A Batwa man was killed by park guards in one of the incidents detailed in the report (PHOTO/Courtesy)

A national park famed for its gorilla-spotting treks has been the scene of appalling atrocities including gang rape, torture and murder, according to a devastating new report from Minority Rights Group International.

Guards patrolling the Kahuzi-Biega National Park in the Democratic Republic of the Congo, together with the Congolese military, have in recent years committed a series of horrific atrocities against the Indigenous Batwa people whose lands were taken to create the park:

– Dozens of Batwa women have been gang-raped at gunpoint
– At least 20 Batwa have been killed
– Several Batwa, including children, have been burnt alive
– Batwa corpses have been mutilated
– Hundreds of Batwa have been evicted, often repeatedly, in successive waves of attacks

Thousands of Batwa were evicted when the park was expanded in 1975. Since then they’ve mostly lived outside it, in conditions of absolute poverty, but some have tried to return to their lands inside the park.

The abuses detailed in the report are part of a clear pattern of horrific abuse in conservation projects that has been revealed by Survival and others in recent years.

Shockingly, European and US funding agencies and WCS appear to have violated a UN arms embargo by supporting the park’s paramilitary activities without notifying the UN Security Council. In addition, they have known about the abuses but continue to fund those responsible. The report’s author says: “[The] international backers … are complicit in these abuses.”
Among the key funders of the park and its guards are:

– The German government, through its development agencies KFW and GIZ
– The US-based non-profit the Wildlife Conservation Society (WCS – the parent organization of the Bronx Zoo)
– The US government’s development agency USAID
– The French public development agency AFD is also planning to channel funds to the park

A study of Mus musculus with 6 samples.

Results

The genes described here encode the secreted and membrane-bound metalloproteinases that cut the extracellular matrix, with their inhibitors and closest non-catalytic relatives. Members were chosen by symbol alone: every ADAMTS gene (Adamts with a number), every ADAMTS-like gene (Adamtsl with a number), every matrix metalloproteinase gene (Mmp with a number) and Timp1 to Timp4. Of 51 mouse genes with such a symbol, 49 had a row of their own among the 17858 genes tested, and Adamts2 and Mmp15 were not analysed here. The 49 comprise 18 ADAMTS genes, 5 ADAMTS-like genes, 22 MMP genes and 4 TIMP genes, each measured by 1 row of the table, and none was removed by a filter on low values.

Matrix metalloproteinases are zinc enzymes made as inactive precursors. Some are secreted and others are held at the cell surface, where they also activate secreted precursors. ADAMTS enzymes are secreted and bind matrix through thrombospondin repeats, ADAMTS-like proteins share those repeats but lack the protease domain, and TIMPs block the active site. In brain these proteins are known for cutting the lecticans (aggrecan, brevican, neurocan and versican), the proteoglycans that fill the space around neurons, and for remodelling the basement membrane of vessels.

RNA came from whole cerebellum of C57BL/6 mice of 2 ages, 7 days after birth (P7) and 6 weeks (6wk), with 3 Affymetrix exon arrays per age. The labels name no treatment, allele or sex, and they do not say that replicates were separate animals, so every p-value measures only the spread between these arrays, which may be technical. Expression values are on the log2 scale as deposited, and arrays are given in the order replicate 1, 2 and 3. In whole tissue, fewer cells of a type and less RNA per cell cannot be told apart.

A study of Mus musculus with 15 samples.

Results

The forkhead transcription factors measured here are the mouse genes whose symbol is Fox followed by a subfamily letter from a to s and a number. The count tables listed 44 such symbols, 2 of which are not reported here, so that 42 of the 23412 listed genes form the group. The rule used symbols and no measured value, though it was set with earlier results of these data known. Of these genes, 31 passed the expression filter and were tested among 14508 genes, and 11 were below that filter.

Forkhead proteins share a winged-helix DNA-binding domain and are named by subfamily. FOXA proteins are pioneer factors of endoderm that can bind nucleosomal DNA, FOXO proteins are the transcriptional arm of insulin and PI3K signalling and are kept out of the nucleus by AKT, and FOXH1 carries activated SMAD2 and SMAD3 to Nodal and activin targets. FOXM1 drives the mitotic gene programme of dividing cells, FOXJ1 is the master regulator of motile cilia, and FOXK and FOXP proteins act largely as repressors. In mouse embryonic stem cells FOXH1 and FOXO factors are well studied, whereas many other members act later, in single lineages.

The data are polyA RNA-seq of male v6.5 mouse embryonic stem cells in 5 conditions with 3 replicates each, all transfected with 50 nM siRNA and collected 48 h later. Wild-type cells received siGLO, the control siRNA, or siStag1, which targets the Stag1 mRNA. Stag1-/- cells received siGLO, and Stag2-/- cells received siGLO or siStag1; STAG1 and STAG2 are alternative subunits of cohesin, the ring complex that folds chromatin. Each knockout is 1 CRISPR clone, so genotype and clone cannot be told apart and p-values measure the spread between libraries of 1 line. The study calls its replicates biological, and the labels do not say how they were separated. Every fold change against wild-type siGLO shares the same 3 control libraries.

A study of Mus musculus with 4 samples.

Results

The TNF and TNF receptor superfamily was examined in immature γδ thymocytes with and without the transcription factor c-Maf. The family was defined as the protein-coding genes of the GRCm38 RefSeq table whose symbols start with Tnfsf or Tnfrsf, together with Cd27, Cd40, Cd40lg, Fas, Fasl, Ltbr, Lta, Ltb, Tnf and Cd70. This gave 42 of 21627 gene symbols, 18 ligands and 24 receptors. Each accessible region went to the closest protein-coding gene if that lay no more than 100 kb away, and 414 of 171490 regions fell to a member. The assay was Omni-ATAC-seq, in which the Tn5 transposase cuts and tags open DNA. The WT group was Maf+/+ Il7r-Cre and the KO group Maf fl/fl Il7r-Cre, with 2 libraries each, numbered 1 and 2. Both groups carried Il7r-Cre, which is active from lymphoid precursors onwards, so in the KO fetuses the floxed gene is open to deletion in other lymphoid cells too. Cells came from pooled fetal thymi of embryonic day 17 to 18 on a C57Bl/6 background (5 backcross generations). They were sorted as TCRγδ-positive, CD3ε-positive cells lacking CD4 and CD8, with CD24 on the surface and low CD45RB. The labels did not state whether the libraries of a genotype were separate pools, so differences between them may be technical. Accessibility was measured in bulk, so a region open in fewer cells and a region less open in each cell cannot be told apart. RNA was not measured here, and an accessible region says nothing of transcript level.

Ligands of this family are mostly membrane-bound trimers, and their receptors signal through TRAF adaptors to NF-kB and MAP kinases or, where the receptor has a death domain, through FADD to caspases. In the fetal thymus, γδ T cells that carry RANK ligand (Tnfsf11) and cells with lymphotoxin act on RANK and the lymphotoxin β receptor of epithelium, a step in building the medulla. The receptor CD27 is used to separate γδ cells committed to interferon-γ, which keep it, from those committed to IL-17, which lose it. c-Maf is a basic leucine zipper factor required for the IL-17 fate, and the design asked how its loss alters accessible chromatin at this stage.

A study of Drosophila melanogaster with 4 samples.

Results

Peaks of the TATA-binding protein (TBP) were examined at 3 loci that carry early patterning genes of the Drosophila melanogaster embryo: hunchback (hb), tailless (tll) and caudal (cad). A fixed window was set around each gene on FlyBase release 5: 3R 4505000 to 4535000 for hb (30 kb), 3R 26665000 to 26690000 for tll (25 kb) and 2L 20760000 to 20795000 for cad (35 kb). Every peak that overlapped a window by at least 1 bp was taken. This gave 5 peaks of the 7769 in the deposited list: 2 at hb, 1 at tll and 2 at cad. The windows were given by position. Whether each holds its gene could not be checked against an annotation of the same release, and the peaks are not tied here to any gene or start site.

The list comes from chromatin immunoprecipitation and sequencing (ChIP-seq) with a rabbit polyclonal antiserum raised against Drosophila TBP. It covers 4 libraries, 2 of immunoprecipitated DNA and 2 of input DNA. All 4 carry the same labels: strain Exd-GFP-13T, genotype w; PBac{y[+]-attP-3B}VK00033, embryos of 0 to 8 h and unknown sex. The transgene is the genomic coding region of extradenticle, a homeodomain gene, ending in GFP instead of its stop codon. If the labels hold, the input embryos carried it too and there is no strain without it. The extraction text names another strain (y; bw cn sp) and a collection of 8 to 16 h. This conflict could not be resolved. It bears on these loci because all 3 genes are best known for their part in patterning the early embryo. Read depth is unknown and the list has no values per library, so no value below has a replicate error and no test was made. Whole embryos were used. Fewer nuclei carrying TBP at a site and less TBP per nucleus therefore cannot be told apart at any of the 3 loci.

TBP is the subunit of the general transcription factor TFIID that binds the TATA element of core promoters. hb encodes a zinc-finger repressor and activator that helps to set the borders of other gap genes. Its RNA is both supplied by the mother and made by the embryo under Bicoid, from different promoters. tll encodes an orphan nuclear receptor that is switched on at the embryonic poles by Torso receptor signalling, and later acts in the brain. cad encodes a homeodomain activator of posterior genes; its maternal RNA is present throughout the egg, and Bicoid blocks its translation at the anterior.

The report says: “The organized violence documented in this report is unlikely to have taken place without decisive support from international supporters of the [park].”

And the report makes clear that these appalling abuses are not isolated incidents conducted by rogue officers, but “part of an institutional policy sanctioned and planned at the highest level by the park leadership.”

Guards and soldiers in Kahuzi-Biega National Park burn Batwa houses to drive them from the park – their ancestral land. © KBNP

In 2017, seventeen-year-old Mbone Christian was shot dead while collecting medicinal plants in the park. His father, who was also wounded but survived, issued a desperate plea to WCS saying: “We struggle to find enough to eat and are forced to cope with new diseases and the loss of many forest medicines…Yet no one has ever come to seek our consent for the Kahuzi-Biega National Park. Why then does WCS continue to fund and support it?”

Caroline Pearce, Survival International’s Director, said today: “This report provides a horrific demonstration of how some of the biggest players in the conservation sector continue to pour millions into the abusive “fortress conservation” approach. Under the guise of doing ‘good’ for the planet, they’re funding yet another park whose Indigenous people are being raped and killed with impunity.

“The German and American governments and WCS have turned a blind eye to these atrocities, continuing to fund the park while its guards have killed and raped dozens of Batwa people.

“A racist and colonial model of conservation that sees human beings and their rights as disposable will never succeed in its objectives. Governmental and non-governmental funders must immediately cease all funding to these fortress conservation projects – including the plan to designate 30% of the earth as ‘protected’ by 2030 – and instead recognise Indigenous land rights, which is a far more effective way to safeguard the environment. Otherwise, they will continue to be complicit in such atrocities.”

The role of German funding in Kahuzi-Biega National Park and other international conservation projects in Africa will be one of the key subjects of a conference taking place in Berlin later this month. “No biodiversity without human diversity” is free to attend both in-person and online.